China's police authorities have launched a three-month campaign to clamp down on prostitution, which is a "malignant tumor of the society," according to a senior government official.
The three-month crackdown by the Central Committee for Comprehensive Management of Public Security and the Ministry of Public Security started this past weekend and will continue until October, ahead of the 60th anniversary celebration of the founding of the People's Republic of China.
Chen Jiping, vice-director of the security committee, was quoted by China Daily as saying that prostitution has become a severe social issue and tangible results should be achieved with this new crackdown.
According to the agencies, three kinds of violators will be targeted: individuals or groups who force, tempt, permit or introduce women to prostitution; operators of entertainment venues that permit or introduce prostitution; and anyone who conducts illegal activities with minors.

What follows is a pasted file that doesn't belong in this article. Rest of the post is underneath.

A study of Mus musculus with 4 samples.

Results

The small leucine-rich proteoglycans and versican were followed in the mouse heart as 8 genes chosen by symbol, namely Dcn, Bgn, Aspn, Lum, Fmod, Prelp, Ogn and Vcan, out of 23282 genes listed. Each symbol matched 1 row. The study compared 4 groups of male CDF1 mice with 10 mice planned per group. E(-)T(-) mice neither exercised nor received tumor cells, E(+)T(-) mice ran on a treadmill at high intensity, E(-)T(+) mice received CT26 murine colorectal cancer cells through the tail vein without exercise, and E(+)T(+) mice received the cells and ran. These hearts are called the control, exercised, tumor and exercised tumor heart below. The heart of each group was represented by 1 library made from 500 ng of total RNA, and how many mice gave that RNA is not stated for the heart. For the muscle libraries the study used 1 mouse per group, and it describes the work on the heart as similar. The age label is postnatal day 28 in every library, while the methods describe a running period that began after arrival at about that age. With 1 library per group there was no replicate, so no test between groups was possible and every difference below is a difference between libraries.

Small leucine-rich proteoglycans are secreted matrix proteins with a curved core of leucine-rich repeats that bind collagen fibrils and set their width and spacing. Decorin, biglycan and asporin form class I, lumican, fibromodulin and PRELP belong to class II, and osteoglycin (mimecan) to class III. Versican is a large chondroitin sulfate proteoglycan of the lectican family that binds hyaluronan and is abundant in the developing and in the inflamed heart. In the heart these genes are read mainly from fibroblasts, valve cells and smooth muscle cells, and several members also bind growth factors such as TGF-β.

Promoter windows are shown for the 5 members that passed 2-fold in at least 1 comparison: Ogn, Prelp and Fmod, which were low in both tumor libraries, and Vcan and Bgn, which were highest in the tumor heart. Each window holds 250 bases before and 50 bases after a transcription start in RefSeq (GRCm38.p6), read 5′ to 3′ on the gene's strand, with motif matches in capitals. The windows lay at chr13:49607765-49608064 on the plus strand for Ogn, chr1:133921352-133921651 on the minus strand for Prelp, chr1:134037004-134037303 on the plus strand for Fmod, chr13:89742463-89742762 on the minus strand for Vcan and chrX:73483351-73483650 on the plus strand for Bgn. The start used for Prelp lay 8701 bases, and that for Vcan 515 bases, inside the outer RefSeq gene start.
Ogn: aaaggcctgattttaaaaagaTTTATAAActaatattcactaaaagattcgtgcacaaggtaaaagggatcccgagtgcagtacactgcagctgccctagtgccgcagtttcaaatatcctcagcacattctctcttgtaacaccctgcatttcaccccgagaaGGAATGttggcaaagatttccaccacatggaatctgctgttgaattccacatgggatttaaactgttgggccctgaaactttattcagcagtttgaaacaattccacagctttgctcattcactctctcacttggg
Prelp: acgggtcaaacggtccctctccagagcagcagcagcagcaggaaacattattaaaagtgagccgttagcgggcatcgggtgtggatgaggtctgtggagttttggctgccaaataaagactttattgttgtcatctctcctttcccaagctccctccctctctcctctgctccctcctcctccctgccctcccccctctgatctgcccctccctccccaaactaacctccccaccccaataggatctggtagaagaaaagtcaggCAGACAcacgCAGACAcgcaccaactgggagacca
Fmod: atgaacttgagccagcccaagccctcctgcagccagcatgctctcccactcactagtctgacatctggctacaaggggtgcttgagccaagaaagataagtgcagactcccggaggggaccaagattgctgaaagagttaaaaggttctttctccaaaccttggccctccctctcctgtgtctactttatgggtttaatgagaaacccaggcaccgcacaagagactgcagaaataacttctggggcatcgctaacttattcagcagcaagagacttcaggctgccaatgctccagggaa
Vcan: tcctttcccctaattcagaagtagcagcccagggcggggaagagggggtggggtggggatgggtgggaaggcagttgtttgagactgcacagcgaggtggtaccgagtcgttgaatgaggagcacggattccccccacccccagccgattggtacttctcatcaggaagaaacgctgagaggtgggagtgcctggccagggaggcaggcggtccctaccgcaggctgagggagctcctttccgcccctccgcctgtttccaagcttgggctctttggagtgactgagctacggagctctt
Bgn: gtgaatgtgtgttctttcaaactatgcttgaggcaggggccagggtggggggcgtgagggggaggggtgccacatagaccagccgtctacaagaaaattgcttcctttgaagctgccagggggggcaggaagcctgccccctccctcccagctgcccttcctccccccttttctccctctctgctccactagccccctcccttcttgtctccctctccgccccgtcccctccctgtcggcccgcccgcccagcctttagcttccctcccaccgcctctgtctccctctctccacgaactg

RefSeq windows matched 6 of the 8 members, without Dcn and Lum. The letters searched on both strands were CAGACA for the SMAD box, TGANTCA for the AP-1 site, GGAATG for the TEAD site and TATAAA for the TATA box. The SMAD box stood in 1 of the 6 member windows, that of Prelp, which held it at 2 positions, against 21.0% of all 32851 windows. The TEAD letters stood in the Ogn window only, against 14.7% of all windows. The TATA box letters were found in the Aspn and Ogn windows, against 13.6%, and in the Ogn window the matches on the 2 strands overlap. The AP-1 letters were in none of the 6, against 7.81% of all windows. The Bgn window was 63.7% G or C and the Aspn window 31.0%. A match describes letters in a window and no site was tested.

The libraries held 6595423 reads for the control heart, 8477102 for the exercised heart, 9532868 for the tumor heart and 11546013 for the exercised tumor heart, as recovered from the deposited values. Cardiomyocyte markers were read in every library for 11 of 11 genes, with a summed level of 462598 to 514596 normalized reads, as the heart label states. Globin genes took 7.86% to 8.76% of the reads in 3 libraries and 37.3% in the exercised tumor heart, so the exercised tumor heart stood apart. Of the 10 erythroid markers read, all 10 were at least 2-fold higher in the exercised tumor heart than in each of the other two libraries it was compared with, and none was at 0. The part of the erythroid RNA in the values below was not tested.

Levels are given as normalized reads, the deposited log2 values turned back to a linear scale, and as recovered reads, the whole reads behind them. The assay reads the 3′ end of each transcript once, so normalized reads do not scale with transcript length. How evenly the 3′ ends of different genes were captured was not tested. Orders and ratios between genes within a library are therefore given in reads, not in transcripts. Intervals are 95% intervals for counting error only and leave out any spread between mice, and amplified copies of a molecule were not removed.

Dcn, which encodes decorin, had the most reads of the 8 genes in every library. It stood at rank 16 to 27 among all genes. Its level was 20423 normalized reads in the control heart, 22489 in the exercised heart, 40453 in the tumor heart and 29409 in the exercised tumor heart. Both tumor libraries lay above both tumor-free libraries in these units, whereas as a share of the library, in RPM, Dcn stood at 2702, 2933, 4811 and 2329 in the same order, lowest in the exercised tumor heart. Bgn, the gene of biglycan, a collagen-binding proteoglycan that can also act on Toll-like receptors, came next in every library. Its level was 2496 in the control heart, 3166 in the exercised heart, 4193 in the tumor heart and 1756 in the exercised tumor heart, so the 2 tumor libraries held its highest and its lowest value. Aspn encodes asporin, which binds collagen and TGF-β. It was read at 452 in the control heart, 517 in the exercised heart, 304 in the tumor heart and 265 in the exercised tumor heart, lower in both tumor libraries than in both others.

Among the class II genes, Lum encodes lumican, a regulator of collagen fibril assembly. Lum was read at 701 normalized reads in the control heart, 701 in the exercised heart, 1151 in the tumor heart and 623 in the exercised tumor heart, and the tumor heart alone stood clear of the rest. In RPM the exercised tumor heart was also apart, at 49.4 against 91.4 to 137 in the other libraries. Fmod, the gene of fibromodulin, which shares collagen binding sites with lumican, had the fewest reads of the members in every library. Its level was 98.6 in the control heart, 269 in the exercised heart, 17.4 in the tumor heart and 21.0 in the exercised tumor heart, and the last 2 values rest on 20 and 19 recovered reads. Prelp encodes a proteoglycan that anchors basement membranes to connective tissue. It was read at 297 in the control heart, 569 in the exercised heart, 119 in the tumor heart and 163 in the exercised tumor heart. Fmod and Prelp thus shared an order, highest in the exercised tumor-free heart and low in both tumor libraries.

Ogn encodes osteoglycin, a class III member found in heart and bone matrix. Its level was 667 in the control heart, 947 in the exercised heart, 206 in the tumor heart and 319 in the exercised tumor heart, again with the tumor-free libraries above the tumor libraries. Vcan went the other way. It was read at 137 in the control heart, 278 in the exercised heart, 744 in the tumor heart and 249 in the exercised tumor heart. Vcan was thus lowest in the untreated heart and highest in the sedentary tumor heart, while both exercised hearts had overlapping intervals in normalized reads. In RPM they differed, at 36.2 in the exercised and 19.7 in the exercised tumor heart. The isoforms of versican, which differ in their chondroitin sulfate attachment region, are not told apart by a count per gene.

The security agencies also listed three kinds of locales as high-risk: entertainment venues such as dance halls and nightclubs; service businesses such as beauty salons and massage parlors; and public places such as hotels, restaurants and rental houses.
Prostitution has grown in recent years in China, according to the Ministry of Public Security. Police have investigated approximately 140,000 cases of prostitution annually, or about 383 cases each day. Nearly 250,000 perpetrators, which include prostitutes and clients, are suspected to be involved annually.